Mobile POS continues to be one of the hottest trends in retail today. In fact, in a recent survey, retailers cited “mobile POS with payment” as their top retail technology for 2012.
However, from a cross-channel perspective, mobile selling is far more than replacing traditional cash registers with handheld devices. Not only can in-store mobile serve as a bridge to bring ecommerce into the store, it can also provide unprecedented visibility to enterprise data such as inventory, turning the store into a hub of cross-channel convergence that unites the mobile, ecommerce and brick-and-mortar worlds.
Bringing ecommerce into the store is more than a luxury: it’s a necessity, since online channels have fundamentally changed the shopping experience. Today, when shoppers enter a store, they may have already done product research, checked ratings and reviews, and compared prices.
As a result, shoppers often know more about a product than the sales associate, who doesn’t have the same information readily available. The online tools and information that consumers rely upon are missing from the in-store experience, where more than 90% of retail sales still occur.
However, mobile levels this playing field and makes it possible for retailers to bring the strengths of the online experience into the store.
Saving the sale with cross-channel ordering
Today’s mobile selling solutions include features that go far beyond typical point of sale capabilities. Information such as cross-channel inventory availability and ordering, product ratings and reviews, product comparisons, a customer’s purchase history and wish lists can all be made available via mobile devices.
Of course, features such as cross-channel ordering have been available at some retailers’ cash registers for many years. But how often does a shopper actually go to the cash register and wait in line to find out if the dress she wants, which is unavailable in the store, can be ordered online in her size and color?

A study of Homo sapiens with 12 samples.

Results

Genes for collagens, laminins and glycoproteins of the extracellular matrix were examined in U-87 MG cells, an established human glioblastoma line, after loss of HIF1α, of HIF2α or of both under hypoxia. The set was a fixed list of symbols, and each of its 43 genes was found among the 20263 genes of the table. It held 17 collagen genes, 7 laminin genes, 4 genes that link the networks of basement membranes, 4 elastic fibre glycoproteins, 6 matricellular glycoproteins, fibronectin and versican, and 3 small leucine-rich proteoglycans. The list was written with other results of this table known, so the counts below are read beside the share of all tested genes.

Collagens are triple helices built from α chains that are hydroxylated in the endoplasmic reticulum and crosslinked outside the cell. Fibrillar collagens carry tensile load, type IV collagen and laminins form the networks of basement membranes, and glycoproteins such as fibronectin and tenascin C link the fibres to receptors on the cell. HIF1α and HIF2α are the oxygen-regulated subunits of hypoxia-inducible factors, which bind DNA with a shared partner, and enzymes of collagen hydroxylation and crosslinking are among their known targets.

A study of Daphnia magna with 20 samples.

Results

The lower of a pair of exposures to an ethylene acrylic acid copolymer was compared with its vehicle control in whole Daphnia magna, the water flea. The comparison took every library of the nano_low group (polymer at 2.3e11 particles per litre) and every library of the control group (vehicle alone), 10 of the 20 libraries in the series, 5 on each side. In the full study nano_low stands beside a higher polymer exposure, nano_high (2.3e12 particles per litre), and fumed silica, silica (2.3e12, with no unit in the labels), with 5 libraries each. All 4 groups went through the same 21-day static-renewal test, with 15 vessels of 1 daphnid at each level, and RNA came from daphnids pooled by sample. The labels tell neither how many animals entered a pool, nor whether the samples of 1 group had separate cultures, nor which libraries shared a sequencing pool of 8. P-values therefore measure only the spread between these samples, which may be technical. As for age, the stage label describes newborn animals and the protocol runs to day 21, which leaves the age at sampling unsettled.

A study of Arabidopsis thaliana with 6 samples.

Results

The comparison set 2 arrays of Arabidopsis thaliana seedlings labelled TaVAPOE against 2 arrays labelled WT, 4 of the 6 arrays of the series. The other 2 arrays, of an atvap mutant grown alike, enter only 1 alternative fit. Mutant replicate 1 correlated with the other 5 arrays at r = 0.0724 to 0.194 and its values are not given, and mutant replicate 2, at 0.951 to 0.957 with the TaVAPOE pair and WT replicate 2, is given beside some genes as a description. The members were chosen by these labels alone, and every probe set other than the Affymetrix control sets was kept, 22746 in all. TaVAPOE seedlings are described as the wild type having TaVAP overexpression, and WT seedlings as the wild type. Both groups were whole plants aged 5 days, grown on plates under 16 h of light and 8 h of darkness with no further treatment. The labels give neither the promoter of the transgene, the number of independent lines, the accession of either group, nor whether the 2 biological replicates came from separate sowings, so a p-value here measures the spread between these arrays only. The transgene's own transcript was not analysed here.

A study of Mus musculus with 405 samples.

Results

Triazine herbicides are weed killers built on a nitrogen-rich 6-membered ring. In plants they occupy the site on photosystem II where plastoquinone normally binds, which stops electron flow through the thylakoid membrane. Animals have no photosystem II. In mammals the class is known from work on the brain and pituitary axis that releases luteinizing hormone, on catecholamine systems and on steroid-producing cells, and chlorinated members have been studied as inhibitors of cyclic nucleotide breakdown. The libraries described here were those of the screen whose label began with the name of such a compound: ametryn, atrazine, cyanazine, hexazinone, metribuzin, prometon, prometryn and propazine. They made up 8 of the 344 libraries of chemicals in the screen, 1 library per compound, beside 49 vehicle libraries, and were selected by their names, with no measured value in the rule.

More often than not, she simply leaves and takes her business elsewhere. The point of need is in the store aisle, where the sales associate has an opportunity to actively engage with the customer.
For example, Urban Outfitters has deployed mobile selling and is finding it invaluable for assisting customers in the dressing area. If a customer tries on an item — say a pair of jeans — and they need the next size up or down and the store doesn’t have it in stock, the sales associate can quickly check availability on the mobile device, locate the item in another store or online, arrange to have it held for pickup or delivered to the shopper’s address, and take payment via credit card — all directly from the dressing room area.
Urban also has the capability to process a transaction that includes an item in the store as well as an online order with a single credit card swipe, thus speeding the checkout process.
Driving in-store sales with Web-based information
The ability for sales associates to easily access ratings and reviews, detailed product information, product comparisons, and other rich Web-based information is especially important in some types of retail, such as consumer electronics, sporting equipment and recreational gear.
For example, when a customer wants to buy a mountain bike, an associate can use his mobile device to compare specifications for various models on the store floor, check customer reviews, and check the customer’s purchase history and loyalty program status to see if he or she is entitled to special offers.
This level of service can help retailers convert more sales in-store and stop the “showrooming” phenomenon, where the store visit is just an opportunity to kick the tires before consumers ultimately purchase an item online.
These are just a few examples of how cross-channel convergence is changing the in-store experience, and it can be tailored to the retailer’s selling style and preferences:
- Accessing customer wish lists on mobile devices
- Viewing look books and Pinterest pages on tablets, which are ideally suited to displaying rich visual information
- Researching community information that can help close a sale — for example, pulling up maps of the top 10 local biking trails when a customer is considering a new mountain bike.